Most children are consuming three times the daily recommended amount of sugar
Health officials in the United Kingdom have stated that many children in the country eat over half of their daily allowance of sugar before they even get to school. Although the warning to parents was only given in the United Kingdom, it can be reasonably assumed that children in the majority of first world countries are also eating high portions of sugar with their daily breakfast.According to public health services in the United Kingdom, most children are starting their day with excessive amounts of sugar and calories thanks to sugary cereals and artificial fruit juices.
Public Health England (PHE) says that the average English child eats 11 grams of sugar every morning, which is the same as giving your child three cubes of sugar.
Not only does this contribute to obesity, but also to issues related to weight problems like diabetes.
Public figures show that one in five children in the United Kingdom start primary school overweight, and by the time students start the equivalent of high school, one third of students are categorized as overweight.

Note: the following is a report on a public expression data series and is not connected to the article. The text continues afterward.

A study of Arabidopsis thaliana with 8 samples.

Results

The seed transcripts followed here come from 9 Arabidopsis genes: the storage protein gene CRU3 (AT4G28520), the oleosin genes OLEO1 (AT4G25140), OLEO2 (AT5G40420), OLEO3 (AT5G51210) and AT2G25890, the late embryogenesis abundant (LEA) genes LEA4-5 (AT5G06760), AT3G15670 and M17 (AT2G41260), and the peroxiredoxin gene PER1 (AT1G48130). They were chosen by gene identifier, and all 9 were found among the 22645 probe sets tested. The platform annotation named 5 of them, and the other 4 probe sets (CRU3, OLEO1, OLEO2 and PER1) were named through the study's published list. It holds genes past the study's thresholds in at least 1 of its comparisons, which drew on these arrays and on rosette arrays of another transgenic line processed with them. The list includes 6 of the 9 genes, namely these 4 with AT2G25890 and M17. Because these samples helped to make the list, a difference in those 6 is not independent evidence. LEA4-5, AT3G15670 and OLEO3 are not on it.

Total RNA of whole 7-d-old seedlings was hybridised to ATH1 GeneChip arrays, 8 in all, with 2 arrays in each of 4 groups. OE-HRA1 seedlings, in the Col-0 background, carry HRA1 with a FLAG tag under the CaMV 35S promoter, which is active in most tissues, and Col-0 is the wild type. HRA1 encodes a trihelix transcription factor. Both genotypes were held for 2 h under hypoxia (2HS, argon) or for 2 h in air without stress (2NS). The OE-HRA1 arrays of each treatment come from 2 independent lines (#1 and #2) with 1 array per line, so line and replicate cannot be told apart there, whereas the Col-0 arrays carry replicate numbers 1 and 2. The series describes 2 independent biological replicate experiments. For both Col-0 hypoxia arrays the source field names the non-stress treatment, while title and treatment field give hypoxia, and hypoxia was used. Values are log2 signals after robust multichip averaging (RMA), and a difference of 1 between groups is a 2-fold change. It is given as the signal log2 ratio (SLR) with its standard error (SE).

This statistic mirrors similar rates of childhood obesity in the United States, which suggests the two countries share a very similar, and troubling, problem.
The National Health Service (NHS), the single payer healthcare system in the United Kingdom, urged parents to give their children a healthier start to the day by cutting down on the amount of sugar they allow them to have during breakfast.
The Telegraph cites an unnamed study stating that 91% of mothers of obese or overweight children do not see their child’s weight as a problem.
Fathers fare somewhat better in the tough love category, but still 80% of fathers of overweight and obese children are not concerned by their child’s weight.
Experts state that children are routinely eating three times the amount of sugar they should be consuming in an entire day.
And while parents can’t watch their children for the time they are at school or in after school activities, they can serve a healthy breakfast and instill in their kids that eating a healthy diet is both nutritious and tasty.
Nutritionists advise parents to give their children water or semi-skimmed milk as a beverage choice at home and limit fruit juices to one per day in addition to avoiding sugary cereals for breakfast.